I totally agree with this. At my townhouse complex, people put recyclable materials in our dumpster DESPITE the presence of recycling containers. Also, why do businesses get a free pass? The amount of office waste that could potentially get collected and recycled is staggering. Make it a requirement NOW.
Point taken that adjusting costs of different travel modes to support more sustainable choices is a good idea. The City will continue to review parking fees to better reflect street value and market demand, and the Greenest City Plan adds a more explicit environmental lense to this work. Transit fares fall outside City jurisdiction, and there are multiple factors to consider. Fares are an important revenue source for TransLink; at the same time, it is important that prices are affordable and equitable.
Thanks for sharing this idea!
The city’s new active transportation plan will soon be in development, and hopefully completed within the next year.
A big part of the work ahead is to identify the complete cycling network, and the type of facility that is most appropriate and/or feasible for different routes. In some cases (e.g. busy arterial routes), separated lanes might be the best approach; in other cases (e.g. lower car volume neighbourhood streets), enhanced traffic calming and/or further reducing car access might be more appropriate. Travis cited some great examples in the Netherlands where cars are ‘guests’ that are allowed in, but do not dominate.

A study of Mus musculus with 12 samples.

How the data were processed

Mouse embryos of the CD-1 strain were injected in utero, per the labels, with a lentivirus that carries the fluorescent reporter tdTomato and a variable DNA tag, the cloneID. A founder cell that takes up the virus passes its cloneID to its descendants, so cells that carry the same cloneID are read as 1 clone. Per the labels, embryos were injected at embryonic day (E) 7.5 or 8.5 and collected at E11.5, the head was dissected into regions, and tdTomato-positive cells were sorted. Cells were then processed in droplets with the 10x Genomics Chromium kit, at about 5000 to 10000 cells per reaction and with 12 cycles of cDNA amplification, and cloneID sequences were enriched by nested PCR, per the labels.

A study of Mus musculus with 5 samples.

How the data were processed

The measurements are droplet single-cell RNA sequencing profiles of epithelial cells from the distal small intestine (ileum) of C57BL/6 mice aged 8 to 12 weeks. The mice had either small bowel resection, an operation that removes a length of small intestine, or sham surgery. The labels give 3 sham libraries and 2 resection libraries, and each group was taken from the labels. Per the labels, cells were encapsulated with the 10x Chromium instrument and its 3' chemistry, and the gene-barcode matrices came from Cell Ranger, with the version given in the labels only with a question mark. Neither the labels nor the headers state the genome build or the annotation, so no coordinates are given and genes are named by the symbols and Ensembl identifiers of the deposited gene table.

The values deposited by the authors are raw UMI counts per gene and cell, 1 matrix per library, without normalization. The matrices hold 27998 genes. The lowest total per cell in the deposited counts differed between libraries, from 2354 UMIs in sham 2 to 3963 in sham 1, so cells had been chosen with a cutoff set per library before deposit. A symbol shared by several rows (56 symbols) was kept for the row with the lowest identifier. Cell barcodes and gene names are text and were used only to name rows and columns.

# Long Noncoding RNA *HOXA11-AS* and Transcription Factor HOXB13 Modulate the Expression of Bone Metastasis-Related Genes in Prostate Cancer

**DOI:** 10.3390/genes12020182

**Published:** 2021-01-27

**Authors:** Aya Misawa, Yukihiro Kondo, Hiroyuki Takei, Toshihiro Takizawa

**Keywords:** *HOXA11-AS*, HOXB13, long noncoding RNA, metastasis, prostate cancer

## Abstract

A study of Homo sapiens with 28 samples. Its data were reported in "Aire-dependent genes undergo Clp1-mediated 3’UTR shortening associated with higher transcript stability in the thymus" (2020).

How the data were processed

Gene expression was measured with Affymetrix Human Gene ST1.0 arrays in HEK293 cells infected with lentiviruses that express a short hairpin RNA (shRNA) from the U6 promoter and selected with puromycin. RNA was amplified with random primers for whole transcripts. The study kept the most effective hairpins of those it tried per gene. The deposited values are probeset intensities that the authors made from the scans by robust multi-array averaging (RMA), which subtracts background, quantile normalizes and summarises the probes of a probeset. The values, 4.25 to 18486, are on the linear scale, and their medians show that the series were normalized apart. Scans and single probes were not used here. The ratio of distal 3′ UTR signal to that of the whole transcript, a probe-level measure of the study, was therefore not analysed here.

In all cases, the goal should be to make routes that feel safe to all potential cyclists, including beginners, children, and seniors.
For more information, visit http://vancouver.ca/cycling .
TransLink is currently leading a study to determine the best approach to deliver high-capacity, fast, frequent, and reliable rapid transit for the Broadway Corridor from Commercial Drive to UBC. A number of technologies and alignment options are being considered, including rail rapid transit (e.g. SkyTrain), surface light rail transit, and bus rapid transit.
The City of Vancouver is directly involved as a partner agency in the study. In April 2010, City Council endorsed ten principles to guide City input into this process (http://vancouver/ubcline/principles).
Visit http://vancouver.ca/ubcline to learn more about this work, including upcoming public engagement events.
A critical challenge for Vancouver. Laneway housing, STIR, the 20% Inclusionary Zoning Policy, and other programs and policies are intended to help increase housing affordability— see http://vancouver.ca/housing. The draft Greenest City plan recognizes the importance of affordability and will review additional strategies, e.g. unbundled parking.
Included in the Draft Greenest City Action Plan.
An ongoing process. Many of the City’s recent initiatives (e.g. downtown separated bike lane trial, additional traffic calming on existing routes) work towards this vision. The draft Greenest City action plan will support this idea, and include directions to help inform the upcoming transportation plan update and new active transportation plan.
The City supports Metro Vancouver’s plans to ban food scraps from the incinerator and landfills by 2015. The City will collaborate with Metro Vancouver to develop and implement a plan to ensure apartments, condos, businesses and institutions have access to food scraps collection programs before the ban comes into effect.